The East Hampton Town Board is looking to restore Montauk’s oldest structure, the Second House, and reopen the 18th century building as a museum.

The property at the intersection of Montauk Highway and Second House Road is also known as “the house at Fort Pond.” It was built in 1797 to house keepers of sheep and cattle that were driven to the hamlet from East Hampton and points west.

After the town purchased the house for $75,000 in 1968 from the David E. Kennedy family, it opened as a museum operated by the Montauk Historical Society the following year. It was closed to the public in 2014 when the interior became too dilapidated to accommodate visitors.

A recommendation has been made to town officials to restore the structure to its 1886 appearance.

“This would be the beginning of an effort to put together a plan to restore this really important historic site in Montauk,” town Supervisor Larry Cantwell said after a restoration proposal was presented to the board during an April work session. “There would be the working museum that we all would like to see there.”

Robert Hefner, East Hampton Village’s director of historic services, presented the proposal. Hefner explained to board members how eight different keepers and their families lived at Second House and how it was remodeled in 1912 as a private summer cottage before being purchased by the town.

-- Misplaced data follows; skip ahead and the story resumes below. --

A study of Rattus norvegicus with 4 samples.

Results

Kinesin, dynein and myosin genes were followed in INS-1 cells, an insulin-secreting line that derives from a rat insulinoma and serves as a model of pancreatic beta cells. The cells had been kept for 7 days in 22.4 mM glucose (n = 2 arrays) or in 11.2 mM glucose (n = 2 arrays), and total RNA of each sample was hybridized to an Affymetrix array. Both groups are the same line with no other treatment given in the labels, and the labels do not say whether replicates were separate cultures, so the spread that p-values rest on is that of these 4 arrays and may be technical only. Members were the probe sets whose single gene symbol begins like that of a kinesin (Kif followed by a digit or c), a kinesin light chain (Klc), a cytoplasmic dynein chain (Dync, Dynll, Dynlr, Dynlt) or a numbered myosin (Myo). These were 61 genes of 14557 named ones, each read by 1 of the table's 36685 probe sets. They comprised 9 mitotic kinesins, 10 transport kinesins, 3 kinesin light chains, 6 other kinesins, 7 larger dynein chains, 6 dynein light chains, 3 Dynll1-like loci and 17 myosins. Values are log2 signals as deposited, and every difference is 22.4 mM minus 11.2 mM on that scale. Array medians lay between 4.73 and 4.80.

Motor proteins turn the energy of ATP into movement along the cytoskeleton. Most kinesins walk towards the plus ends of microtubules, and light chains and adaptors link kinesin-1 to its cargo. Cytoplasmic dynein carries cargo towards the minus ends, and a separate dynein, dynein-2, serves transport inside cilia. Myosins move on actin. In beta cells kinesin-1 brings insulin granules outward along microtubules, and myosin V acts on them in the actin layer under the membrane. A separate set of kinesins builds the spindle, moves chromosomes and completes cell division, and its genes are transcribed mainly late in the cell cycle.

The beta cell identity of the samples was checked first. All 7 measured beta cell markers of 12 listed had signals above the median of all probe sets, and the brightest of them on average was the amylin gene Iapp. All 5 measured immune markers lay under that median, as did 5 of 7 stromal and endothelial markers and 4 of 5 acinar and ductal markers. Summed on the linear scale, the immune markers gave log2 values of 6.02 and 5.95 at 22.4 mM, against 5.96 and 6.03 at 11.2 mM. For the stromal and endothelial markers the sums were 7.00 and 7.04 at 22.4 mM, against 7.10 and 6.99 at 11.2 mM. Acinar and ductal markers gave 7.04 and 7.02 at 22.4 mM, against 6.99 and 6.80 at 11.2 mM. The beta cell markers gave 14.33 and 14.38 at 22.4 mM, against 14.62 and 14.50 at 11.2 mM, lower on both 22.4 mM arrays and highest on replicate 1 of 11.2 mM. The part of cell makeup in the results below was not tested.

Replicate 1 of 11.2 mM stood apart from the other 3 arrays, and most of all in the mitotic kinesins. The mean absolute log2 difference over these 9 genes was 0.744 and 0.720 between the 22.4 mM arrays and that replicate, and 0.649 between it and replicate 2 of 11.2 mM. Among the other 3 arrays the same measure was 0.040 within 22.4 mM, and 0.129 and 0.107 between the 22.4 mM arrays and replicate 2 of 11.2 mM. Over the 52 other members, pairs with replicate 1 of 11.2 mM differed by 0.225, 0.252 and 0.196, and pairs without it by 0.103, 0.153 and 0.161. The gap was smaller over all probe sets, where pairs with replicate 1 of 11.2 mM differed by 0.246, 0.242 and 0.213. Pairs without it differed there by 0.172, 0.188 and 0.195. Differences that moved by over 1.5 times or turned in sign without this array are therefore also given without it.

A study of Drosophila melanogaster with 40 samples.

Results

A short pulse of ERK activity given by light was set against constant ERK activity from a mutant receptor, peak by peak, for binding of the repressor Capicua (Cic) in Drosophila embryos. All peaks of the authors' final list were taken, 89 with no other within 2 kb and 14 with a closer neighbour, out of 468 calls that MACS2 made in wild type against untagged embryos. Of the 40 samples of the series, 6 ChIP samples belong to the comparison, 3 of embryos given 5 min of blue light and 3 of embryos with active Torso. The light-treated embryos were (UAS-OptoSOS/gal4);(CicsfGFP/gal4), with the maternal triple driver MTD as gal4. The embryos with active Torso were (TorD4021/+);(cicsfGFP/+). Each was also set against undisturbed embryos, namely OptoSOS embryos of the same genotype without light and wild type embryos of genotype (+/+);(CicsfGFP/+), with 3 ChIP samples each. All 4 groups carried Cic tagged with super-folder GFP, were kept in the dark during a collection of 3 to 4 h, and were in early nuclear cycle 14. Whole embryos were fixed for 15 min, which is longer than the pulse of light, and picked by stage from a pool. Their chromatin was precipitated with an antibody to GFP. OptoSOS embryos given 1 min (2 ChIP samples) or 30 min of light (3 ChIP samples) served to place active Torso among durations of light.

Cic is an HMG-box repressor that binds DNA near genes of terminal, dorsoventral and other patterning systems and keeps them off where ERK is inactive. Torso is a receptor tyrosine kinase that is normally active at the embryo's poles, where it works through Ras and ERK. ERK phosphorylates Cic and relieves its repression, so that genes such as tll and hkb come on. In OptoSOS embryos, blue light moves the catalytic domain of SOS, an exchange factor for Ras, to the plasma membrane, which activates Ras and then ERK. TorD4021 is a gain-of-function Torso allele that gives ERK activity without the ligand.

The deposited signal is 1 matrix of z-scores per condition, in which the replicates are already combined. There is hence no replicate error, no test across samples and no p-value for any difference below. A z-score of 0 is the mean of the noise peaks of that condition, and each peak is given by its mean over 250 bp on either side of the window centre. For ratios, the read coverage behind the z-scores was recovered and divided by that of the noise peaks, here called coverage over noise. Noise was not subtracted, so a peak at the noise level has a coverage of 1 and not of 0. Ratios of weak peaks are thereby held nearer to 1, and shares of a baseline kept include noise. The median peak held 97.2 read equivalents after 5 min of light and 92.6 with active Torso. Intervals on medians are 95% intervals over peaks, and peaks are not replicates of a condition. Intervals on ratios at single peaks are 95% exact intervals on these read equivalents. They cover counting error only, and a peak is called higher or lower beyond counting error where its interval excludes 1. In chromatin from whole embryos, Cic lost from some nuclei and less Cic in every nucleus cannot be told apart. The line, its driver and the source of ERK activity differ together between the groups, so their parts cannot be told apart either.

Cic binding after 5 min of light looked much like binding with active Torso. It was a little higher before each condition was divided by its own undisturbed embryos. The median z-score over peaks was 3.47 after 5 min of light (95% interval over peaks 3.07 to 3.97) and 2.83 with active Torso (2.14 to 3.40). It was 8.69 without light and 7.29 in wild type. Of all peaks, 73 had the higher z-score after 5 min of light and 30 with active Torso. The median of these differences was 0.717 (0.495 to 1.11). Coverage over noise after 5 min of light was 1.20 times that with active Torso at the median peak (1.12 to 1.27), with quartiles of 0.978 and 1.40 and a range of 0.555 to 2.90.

Keepers actually lived in three houses, Hefner noted — First House, Second House and Third House — with the keepers in each house having different responsibilities.

First House burned down in 1909, Hefner said, and Third House is now part of the Theodore Roosevelt County Park in Montauk.

Included on the Second House property is a barn built in 1809 that would also be restored. Hefner also recommended removing hedges that block the view of Fort Pond.

Hefner showed board members historic photographs of the property and noted that even with Kennedy’s additions, which included a porch, the original farmhouse building was left intact, which would facilitate the restoration.

Kathryn Nadeau, president of the Montauk Historical Society, attended the board presentation and offered the group’s support for a restoration.

“We unanimously agree with the recommendations for moving into the future by moving back to the past.”

Hefner said there is no estimate yet on the cost of the project.